In a surprise announcement on Dec. 3, Port of Bremerton Executive Director Dick Brandenburg announced his retirement.

Brandenburg, who cited age and a sense of job completion as his primary reasons for leaving, will step down from the post effective Dec. 31. However, Brandenburg has chosen to take the rest of the month off to celebrate Christmas with his family. His last day was Dec. 7.

“Five and a half years is plenty to be involved,” Brandenburg said. “I think it’s time to let someone else have a turn.”

Brandenburg, who lives in Seattle and has maintained a separate weekday residence in Bremerton for the duration of his tenure at the port, plans to stay only minimally involved at the port for the rest of his term. He said he’s looking forward to re-involving himself in his family, now that doesn’t have to spend five days a week away from home.

“I want to enjoy other things — grandchildren, my wife,” Brandenburg said.

Although Brandenburg’s retirement announcement took many by surprise, Brandenburg said there were no underlying causes for the suddenness of the decision. He said the timing is very appropriate — it is the end of the year, the port’s projects have reached the level at which they have their own impetus and his upcoming schedule called for him to be out of the port offices most of the time anyway.

“I woke up one day, and said: ‘I’ve accomplished all the goals I wanted to accomplish while director,’ ” Brandenburg said. “I had the moment, and I just decided to do it. I’m not always conventional in what I do.”

Chairwoman Mary Ann Huntington said the port commissioners had lately been mentally preparing for Brandenburg’s retirement, even though he hadn’t talked a lot about it previously. The federal program within which the port works allows employees to become eligible for full retirement benefits after five years. Huntington said Brandenburg hit the five-year mark over the summer, and the commissioners thought it likely he might want to retire soon after.

“Dick’s at the age he can pretty much do what he wants,” said Commissioner Bill Mahan. “I’m going to miss him.”

The port does not have anyone lined up for Brandenburg’s job yet. Because the executive director position carries with it so much responsibility, port officials said they plan to be very thorough and deliberate in their search for a replacement.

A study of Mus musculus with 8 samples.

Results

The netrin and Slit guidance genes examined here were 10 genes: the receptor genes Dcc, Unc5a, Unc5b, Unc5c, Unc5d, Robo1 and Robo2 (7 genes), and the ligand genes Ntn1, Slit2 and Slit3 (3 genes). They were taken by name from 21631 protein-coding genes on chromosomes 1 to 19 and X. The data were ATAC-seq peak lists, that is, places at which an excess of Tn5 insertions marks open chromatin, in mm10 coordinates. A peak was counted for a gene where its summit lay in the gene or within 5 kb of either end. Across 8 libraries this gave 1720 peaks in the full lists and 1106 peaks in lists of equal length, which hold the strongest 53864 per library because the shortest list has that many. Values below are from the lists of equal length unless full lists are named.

“I don’t think we’re going to rush into anything,” Mahan said.

Huntington also said the commissioners don’t plan on tackling the issue until well after the holidays are over.

Deputy Executive Director Ken Attebery has been appointed to fill in for Brandenburg on an interim basis, and will be handling Brandenburg’s responsibilities in addition to his own.

Attebery has served as the executive director before — both on a permanent and temporary level. The last time was in 1996, before Brandenburg was hired.

“I feel (filling in) is the right thing to do,” Attebery said.

Attebery wouldn’t comment on whether or not he was interested in becoming the permanent executive director. However, Huntington said the commissioners would likely be evaluating Attebery’s performance in the role after a few months as a possible precursor to considering him as a permanent successor to Brandenburg.

Huntington said the port tries to hire in-house as much as possible and, failing that, would prefer to hire someone from within the community.

“None of us believe in going outside of the area,” she said.

Brandenburg said he has full confidence in the port staff’s ability to manage without him, and added that one of his proudest accomplishments over the years was the superior staff he succeeded in hiring.

“I have such a terrific staff, they may not even notice I’m gone,” he joked.

The port commissioners said they credit Brandenburg with vastly increasing the port’s public exposure. They also praised his commercial know-how which helped the port expand economically.

Brandenburg plans to go back to his former profession — commercial land development — at least on a part-time basis.

“I can’t imagine getting up and having nothing to do,” he said.